REST, one of the larger superannuation funds positioned to directly benefit from the government’s so called ‘stapling’ reforms, is not prioritising or pursuing an inorganic strategy, the fund’s new chief financial officer Kulwant Singh-Pangly has said.

The fund with $57 billion in assets is lodged firmly in the country’s 10 largest and will move forward this week with an unblemished performance test record despite being one of the MySuper providers at risk of falling short of the first hurdle based on December 2020 APRA data.

“Certainly for the time I have been [at REST] my assessment is we are not dedicating resources to merger discussions,” Singh-Pangly said during a discussion on the topic of mergers and consolidation as part of a roundtable hosted by Investment Magazine in partnership with MetLife Australia involving a dozen super funds executives. Full coverage of the mergers and consolidation roundtable discussion will be published next week.

“We are looking at a lot of other things that we think we can compete in and grow and grow strongly and they are the priority areas for the time being,” Singh-Pangly, who was most recently the group chief financial officer at QSuper for the last five years, said.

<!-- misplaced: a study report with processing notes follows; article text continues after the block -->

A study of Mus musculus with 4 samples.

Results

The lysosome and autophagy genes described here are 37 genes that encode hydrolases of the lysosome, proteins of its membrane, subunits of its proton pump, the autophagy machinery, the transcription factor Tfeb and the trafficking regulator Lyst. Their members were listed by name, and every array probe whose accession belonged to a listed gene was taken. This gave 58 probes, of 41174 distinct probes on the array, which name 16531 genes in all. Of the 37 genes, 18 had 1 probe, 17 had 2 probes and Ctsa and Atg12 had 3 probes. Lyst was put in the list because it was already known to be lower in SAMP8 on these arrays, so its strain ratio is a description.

“Yes, we are in a very fortunate position in terms of stapling so that’s a very attractive position for the fund to be in,” Singh-Pangly noted during this discussion.

“The fund in many ways is already a very large fund, its close to 2 million Australians already and stapling will enhance that,” he said.

In the same breath though Singh-Pangly noted that mergers are not necessarily a priority.

“Of course fiduciaries have an obligation to act in the best interests of members and if something came knocking on the door we would of course assess it and look at it if it made sense. But its not a priority area at this stage,” he said.

Addressing REST’s underperformance relative to the government’s performance test benchmark in an interview with Investment Magazine in June, the fund’s CEO Vicky Doyle said her initial two-year journey to lead the fund’s transformation journey has turned into more of a five-year journey in light of disruptions due to Covid and shifting of the goalposts due to ongoing regulatory reform.

Doyle joined REST three years ago from AMP; the fund was hit hard by withdrawal resulting from the government’s emergency early release scheme in March last year. Doyle has since remodelled the fund’s investment approach and brought Andrew Lill as its inaugural chief investment officer.